The National Dormouse Footprint Tunnel Survey: informing conservation action for an iconic species - People’s Trust for Endangered Species

Hazel dormouse, credit Michael Walker
Hazel dormouse, credit Michael Walker

Gaining key insights into how to manage hedgerows for dormice

Recently launched, the National Dormouse Footprint Tunnel Survey will use footprint tunnels to detect the presence or absence of the charismatic but rare hazel dormouse in hedgerows. The need for surveying hazel dormice is clear: it is thought that their population has halved in the last 22 years alone. By combining footprint tunnel surveys with the Great British Hedgerow Survey, we might also gain some key insights into how to optimally manage hedgerow habitats for this iconic species.

How to gather information from footprint tunnels

The tunnels themselves consist of black square downpipe. Inside, a strip of white card attached to a plywood tracking plate is placed, with a homemade charcoal / olive oil ‘ink’ applied at either end. The inquisitive nature of dormice encourages them to explore the tunnels. Their presence is recorded through the presence of footprints with one tell-tale feature in particular; the hazel dormouse has distinctive triangular-shaped pads on both the hind and front feet.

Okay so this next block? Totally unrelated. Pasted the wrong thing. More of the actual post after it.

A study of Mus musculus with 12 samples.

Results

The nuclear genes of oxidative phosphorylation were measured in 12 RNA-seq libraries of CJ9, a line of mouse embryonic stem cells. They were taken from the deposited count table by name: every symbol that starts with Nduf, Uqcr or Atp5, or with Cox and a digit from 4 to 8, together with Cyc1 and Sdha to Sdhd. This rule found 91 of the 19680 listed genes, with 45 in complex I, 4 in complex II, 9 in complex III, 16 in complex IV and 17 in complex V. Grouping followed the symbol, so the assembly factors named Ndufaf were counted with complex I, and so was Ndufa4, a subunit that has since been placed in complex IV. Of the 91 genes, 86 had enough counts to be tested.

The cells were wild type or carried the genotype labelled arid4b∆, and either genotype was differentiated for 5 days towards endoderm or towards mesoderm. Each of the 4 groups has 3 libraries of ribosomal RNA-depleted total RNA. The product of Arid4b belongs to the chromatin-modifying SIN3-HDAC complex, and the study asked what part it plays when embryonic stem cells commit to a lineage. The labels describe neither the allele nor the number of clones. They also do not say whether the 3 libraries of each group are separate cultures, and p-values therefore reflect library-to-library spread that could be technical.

Unlike previous surveys, the National Dormouse Footprint Tunnel Survey provides a systematic means of surveying the presence of dormice across Great Britain. Probability scores, showing the likelihood of detecting dormice if they are present, have been calculated. These scores depend on survey effort there is, for example, a 95.6% chance of detecting a dormouse if present when 20 footprint tunnels are placed along a hedgerow for a period of 10 weeks. Footprint tunnel surveys have the added benefit of not requiring a dormouse license.

Although Bright and McPherson (2002) found that the range of dormouse presence in hedgerows declined by 64% between 1970 and the turn of the 21st Century, we don’t actually have an extensive knowledge of which hedgerows dormice are using. We do know that a higher dormouse abundance is associated with taller hedges and that dormice are associated with species-rich, particularly ancient hedgerows. Being successional feeders and eating a varied diet throughout the year, this is unsurprising.